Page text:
By Christopher Hutchinson
“In the late 80s, a new theorist emerged on the scene. She was called Judith Butler, and she was to revolutionise gender theory so fundamentally, that to write a paper on gender in the 21st century that does not at least reference Butler, is to almost place yourself outside of theoretical intelligibility.”-Caroline Criado-Perez
Sex & Agency
Both Butler and Foucault, leading theorists in queer theory, outline the automatic problems with identifying sex as a morally structured construct. Sex merely wants to “get off”. Sex has no interest in the organization of like sexual beings to engage in politics. Both theorists see the engaging of politics and origination as an agency that is separate from sex. Foucault suggests that the politicizing of homosexuality, for those agencies that are concerned with morality, should be more accurately discussed under birth control and reproduction. Butler goes further to analyze the gender role performed by all. She suggests that once one assumes an identity, then one has to perform the corresponding acts to fulfill that identity. That performance becomes just as binary as the patriarchal structure present. Both theorists see the binary gender roles as problematic. Butler attempts to identify and dismiss the performance in her discussion of performativity.
Judith Butler believed we were all performing gender-Caroline Criado-Perezhttp://www.newstatesman.com/voices/2014/05/caroline-criado-perez-judith-butler-whats-phallus-got-do-it
Butler’s performativity is a complicated proposal that ends up being a place of ambiguity. The goal is to operate completely outside of the binary, to become oneself. No labels, no boxes, no campaign, no identity, no agency that can be used as propaganda. Performance functions within those paradigms. Butler’s argument is applicable to all gender roles and stereotypes generated in this culture, and subcultures. Should one assume and wave the flag of the stereotype/gender/ethnicity for an agency? Proving to be authentically a gender/stereotype/ethnicity is merely advocating the spectacle as it relates to patriarchal normalcy. Identity by itself is a lazy excuse to create art.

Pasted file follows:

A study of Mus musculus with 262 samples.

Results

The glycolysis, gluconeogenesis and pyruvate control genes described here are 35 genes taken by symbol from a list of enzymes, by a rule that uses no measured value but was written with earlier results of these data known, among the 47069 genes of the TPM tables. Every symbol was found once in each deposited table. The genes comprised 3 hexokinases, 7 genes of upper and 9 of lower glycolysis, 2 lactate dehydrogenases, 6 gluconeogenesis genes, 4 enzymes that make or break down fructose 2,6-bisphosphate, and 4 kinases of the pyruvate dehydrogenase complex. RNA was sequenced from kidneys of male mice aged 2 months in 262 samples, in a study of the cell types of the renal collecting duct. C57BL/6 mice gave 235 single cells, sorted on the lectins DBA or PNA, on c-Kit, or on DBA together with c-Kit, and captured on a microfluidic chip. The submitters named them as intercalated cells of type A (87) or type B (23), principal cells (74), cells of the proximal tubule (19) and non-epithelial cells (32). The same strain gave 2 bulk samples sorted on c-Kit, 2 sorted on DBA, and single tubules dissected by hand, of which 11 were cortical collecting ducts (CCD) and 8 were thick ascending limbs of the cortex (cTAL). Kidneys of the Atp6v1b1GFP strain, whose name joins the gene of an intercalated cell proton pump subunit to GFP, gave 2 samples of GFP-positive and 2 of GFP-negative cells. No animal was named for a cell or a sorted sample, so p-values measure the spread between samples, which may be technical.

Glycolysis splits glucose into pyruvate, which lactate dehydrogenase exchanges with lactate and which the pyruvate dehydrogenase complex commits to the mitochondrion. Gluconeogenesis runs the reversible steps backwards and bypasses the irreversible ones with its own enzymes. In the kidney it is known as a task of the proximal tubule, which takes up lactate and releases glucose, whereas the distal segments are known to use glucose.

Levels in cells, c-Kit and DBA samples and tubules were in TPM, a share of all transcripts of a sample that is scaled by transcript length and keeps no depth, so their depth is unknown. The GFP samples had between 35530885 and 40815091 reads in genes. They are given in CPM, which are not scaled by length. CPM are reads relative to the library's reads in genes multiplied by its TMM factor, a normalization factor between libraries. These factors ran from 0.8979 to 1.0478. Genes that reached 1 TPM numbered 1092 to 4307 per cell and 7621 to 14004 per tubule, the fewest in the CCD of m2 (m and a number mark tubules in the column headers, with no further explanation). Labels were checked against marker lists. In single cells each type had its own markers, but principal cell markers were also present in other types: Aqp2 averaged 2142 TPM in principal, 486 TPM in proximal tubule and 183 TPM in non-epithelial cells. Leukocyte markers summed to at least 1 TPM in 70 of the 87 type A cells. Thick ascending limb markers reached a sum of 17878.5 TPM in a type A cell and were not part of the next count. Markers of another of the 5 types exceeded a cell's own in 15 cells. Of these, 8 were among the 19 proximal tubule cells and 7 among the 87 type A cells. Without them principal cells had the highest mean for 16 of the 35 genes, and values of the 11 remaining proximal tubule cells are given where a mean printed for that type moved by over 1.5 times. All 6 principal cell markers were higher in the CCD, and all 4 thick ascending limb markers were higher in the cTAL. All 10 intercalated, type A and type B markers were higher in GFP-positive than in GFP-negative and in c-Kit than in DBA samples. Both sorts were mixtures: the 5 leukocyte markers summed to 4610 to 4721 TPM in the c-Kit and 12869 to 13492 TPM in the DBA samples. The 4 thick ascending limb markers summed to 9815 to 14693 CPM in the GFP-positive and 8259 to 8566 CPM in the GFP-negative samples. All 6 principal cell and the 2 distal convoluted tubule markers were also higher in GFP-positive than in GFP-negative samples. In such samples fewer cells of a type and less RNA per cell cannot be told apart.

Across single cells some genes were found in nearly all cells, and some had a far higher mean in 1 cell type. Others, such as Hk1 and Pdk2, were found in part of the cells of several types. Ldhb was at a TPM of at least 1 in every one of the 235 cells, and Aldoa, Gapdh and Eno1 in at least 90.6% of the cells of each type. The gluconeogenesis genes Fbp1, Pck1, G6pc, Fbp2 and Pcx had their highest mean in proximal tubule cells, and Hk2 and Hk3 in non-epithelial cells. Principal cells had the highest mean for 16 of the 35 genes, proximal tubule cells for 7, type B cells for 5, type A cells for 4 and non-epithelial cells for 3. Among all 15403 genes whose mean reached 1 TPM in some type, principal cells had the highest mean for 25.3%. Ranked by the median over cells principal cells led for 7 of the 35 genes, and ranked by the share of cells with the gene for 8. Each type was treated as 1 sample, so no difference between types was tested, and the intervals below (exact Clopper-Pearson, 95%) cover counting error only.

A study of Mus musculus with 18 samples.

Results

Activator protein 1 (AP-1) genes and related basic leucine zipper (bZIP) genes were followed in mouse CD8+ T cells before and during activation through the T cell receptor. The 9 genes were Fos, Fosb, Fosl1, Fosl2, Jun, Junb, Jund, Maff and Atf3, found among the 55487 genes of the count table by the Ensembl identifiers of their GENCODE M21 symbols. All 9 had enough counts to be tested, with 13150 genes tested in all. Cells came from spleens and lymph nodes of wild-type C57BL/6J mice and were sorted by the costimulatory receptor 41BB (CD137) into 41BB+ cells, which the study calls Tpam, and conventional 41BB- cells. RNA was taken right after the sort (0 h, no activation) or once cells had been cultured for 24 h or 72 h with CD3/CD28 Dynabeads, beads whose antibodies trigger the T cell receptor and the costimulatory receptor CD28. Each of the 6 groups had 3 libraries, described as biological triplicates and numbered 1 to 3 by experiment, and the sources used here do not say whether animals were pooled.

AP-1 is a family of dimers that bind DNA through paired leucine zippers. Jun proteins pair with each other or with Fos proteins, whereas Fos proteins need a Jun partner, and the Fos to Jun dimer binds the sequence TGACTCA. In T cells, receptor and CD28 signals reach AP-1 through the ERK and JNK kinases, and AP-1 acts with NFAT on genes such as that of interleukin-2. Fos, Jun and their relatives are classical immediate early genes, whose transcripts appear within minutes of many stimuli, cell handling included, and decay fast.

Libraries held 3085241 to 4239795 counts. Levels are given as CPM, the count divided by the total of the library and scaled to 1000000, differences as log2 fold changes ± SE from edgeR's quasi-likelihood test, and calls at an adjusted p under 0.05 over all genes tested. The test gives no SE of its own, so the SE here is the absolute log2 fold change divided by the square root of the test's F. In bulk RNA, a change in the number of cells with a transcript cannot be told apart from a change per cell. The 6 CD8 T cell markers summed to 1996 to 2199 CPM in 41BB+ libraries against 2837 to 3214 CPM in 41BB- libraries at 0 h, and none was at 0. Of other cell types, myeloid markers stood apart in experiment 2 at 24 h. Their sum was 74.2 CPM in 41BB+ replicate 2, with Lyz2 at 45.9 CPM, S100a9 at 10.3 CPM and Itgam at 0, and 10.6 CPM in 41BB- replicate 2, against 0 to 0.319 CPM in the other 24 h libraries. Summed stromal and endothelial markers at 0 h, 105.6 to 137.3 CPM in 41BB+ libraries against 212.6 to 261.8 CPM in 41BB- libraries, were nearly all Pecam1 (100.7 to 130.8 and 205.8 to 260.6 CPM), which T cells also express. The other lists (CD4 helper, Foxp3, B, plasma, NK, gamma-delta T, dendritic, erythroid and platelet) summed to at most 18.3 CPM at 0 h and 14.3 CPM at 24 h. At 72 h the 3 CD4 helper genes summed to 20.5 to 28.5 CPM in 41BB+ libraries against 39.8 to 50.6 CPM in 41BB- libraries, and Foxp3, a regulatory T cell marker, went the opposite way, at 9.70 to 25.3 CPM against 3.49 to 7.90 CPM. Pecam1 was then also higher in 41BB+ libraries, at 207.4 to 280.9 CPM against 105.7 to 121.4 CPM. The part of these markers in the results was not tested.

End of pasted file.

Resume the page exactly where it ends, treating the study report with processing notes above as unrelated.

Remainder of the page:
Shade Compositions 2012 SFMOMA (27min. version)
“Realism is an approach to art in which subjects are depicted in as straightforward a manner as possible, without idealizing them and without following rules of formal artistic theory. The earliest Realist work began to appear in the 18th century, in a reaction to the excesses of Romanticism and Neoclassicism. This is evident in John Singleton Copley’s paintings, and some of the works of Goya. But the great Realist era was the middle of the 19th century, as artists became disillusioned with the artifice of the Salons and the influence of the Academies. Realism came closest to being an organized movement in France, inspiring artists such as Camille Corot, Jean-Francois Millet and the Barbizon School of landscape painters. Besides Copley, American Realists included the painters Thomas Eakins, and Henry Ossawa Tanner, both of whom studied in France. http://www.artcyclopedia.com/history/realism.html
The thoughts developed in realism seem most to encompass both Butler’s and Foucault’s queer theory, which would more accurately be described as queer realism. Butler’s ambiguity attempts to find this realism. Tanner’s Banjo Lesson is not about pity, sympathy, or idealism. It is simply a grandfather teaching his grandson the banjo. Contemporary Black art is today filled with sympathy, pity, and idealism the complete opposite of the Tanner’s realism, now belittled in a romanticized spectacle. So too have many under the banner of queer theory, moved so far away from queer realism to pure spectacle, engaging in the very same binary gender archetypes perfected in patriarchal society. Many have manipulated and abused Butler’s theory to advance their own agency of indulgence, politics, and morality.
Christopher Hutchinson is an Assistant Professor of Art at Atlanta Metropolitan State College, Archetype Art Gallery Owner in Atlanta, Ga, and Smoke School of Art Founder. He received his Master of Fine Arts Degree in Painting from Savannah College of art & Design, Atlanta and his Bachelor of Arts Degree from the University of Alabama in Huntsville, Alabama. He lived in Alabama for 10 years before moving to Atlanta in 2008.
Learn more about Christopher and his work at Black Flight 144.